Merging Above- and Belowground Processes: Non-Random Tree Species Change and Microbial Community FunctionEPA Grant Number: FP917190
Title: Merging Above- and Belowground Processes: Non-Random Tree Species Change and Microbial Community Function
Investigators: Keiser, Ashley D.
Institution: Yale University
EPA Project Officer: Michaud, Jayne
Project Period: September 1, 2010 through August 31, 2013
Project Amount: $111,000
RFA: STAR Graduate Fellowships (2010) RFA Text | Recipients Lists
Research Category: Academic Fellowships , Fellowship - Global Change
Under predictive climate change models, species’ ranges are expected to move poleward in latitude and upward in elevation with warming. There remains significant uncertainty surrounding the response of belowground carbon and nitrogen cycling and storage to climate changes and related species shifts. The IPCC recognizes the importance of linking biogeochemical cycles to changes in climate, yet belowground carbon cycling has largely been treated as a black-box. My research examines how soil microbial community function, examined as carbon and nitrogen fluxes from decomposing leaf litters, will respond as dominant, overstory tree species shift their ranges due to changing climate conditions. The results will yield an improved understanding of the impacts of non-random tree species change on soil microbial communities and, consequently, the biogeochemistry of forested landscapes.
Under predictive climate change models, species’ ranges are expected to move poleward in latitude and upward in elevation. Understanding the implications of this movement for biogeochemical cycles is necessary to accurately predict global change impacts on forested ecosystems. This research examines how soil microbial community function, examined as carbon and nitrogen fluxes from decomposing leaf litters, will respond as dominant, overstory tree species shift due to changing climate conditions.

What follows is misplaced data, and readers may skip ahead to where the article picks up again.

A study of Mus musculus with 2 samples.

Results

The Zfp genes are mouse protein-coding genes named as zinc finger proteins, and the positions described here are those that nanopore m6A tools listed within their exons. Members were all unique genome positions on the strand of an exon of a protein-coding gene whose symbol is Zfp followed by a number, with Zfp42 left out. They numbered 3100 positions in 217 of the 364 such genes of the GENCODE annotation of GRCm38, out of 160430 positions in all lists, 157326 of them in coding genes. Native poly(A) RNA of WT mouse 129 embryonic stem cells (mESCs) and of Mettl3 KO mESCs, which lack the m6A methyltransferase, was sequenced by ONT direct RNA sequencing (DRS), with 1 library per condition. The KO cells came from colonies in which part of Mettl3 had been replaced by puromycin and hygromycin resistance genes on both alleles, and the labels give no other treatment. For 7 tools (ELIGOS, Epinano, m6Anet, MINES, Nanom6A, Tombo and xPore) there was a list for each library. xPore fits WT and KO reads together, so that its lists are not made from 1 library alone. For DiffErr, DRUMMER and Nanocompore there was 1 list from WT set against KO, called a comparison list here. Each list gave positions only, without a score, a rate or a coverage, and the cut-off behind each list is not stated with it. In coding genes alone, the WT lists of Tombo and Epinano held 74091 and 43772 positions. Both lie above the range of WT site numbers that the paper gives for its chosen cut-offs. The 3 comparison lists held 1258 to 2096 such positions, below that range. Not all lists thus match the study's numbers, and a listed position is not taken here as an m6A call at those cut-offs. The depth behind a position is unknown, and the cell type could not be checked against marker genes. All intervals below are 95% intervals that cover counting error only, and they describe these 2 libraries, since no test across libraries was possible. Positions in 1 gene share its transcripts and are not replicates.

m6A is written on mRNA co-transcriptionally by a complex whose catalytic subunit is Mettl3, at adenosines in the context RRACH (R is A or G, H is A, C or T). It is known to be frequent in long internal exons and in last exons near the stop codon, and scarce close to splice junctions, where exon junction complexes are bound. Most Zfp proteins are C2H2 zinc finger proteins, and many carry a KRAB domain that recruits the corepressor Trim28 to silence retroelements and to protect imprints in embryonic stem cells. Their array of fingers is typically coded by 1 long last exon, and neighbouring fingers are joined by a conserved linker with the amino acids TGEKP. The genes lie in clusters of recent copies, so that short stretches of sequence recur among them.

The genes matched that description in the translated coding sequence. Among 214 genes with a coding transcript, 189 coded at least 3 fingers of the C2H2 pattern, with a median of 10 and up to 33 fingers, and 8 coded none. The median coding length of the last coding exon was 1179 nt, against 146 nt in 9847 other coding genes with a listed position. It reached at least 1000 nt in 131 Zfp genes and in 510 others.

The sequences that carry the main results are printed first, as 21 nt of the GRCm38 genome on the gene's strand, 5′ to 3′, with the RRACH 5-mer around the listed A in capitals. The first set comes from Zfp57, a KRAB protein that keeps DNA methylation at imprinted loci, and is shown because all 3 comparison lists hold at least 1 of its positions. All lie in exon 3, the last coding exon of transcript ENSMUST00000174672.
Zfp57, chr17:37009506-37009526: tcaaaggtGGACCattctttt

I plan to investigate litter decomposition patterns and carbon and nitrogen dynamics on four tree species across an elevation gradient: Liriodendron tulipifera (tulip poplar), Acer rubrum (red maple), Betula alleghaniensis (yellow birch), and Picea rubens (red spruce). The four species have been chosen to represent a range in litter chemistry, their dominance at each study site, and their susceptibility to migrate under predicted climate change models. Leaf litter will be collected beneath mature trees during fall senescence. A reciprocal-transplant field experiment with single- and mixed-species litter bags, combined with a complementary, common garden, laboratory microcosm study, will be used to address this question. At each field collection event, soils and litter will undergo multiple analyses ranging from estimates of soil microbial biomass carbon and nitrogen to litter nutrient analysis. These analyses will permit estimation of net carbon and nitrogen dynamics over time.
This research will advance our understanding of how microbial community function, exhibited through carbon and nitrogen dynamics, will change as dominant, overstory tree species shift due to changing climate conditions. As a species moves up an elevational gradient, previously dominant species may remain dominant or lose abundance. Resulting leaf litter inputs may impact litter decomposition rates, and ecosystem-level biogeochemical cycles. Understanding the implications of non-random species change for biogeochemical cycles will be necessary to accurately predict global change impacts on forested ecosystems. This is critical in creating realistic carbon and nitrogen budgets at local, regional, and global scales.
Potential to Further Environmental/Human Health Protection:
Changes in aboveground biodiversity are likely to impact essential ecosystem processes, such as nutrient cycling, in such a way that future terrestrial and aquatic community structure and function are altered. The southern Appalachian region, my study site, is considered the “water tower” of the Southeast. Changes to nutrient loads upstream could have a sizeable impact on human populations in the region through diminished drinking water quality. This research proposal is an important step in informing land managers of the potential biogeochemical impacts related to non-random tree species change.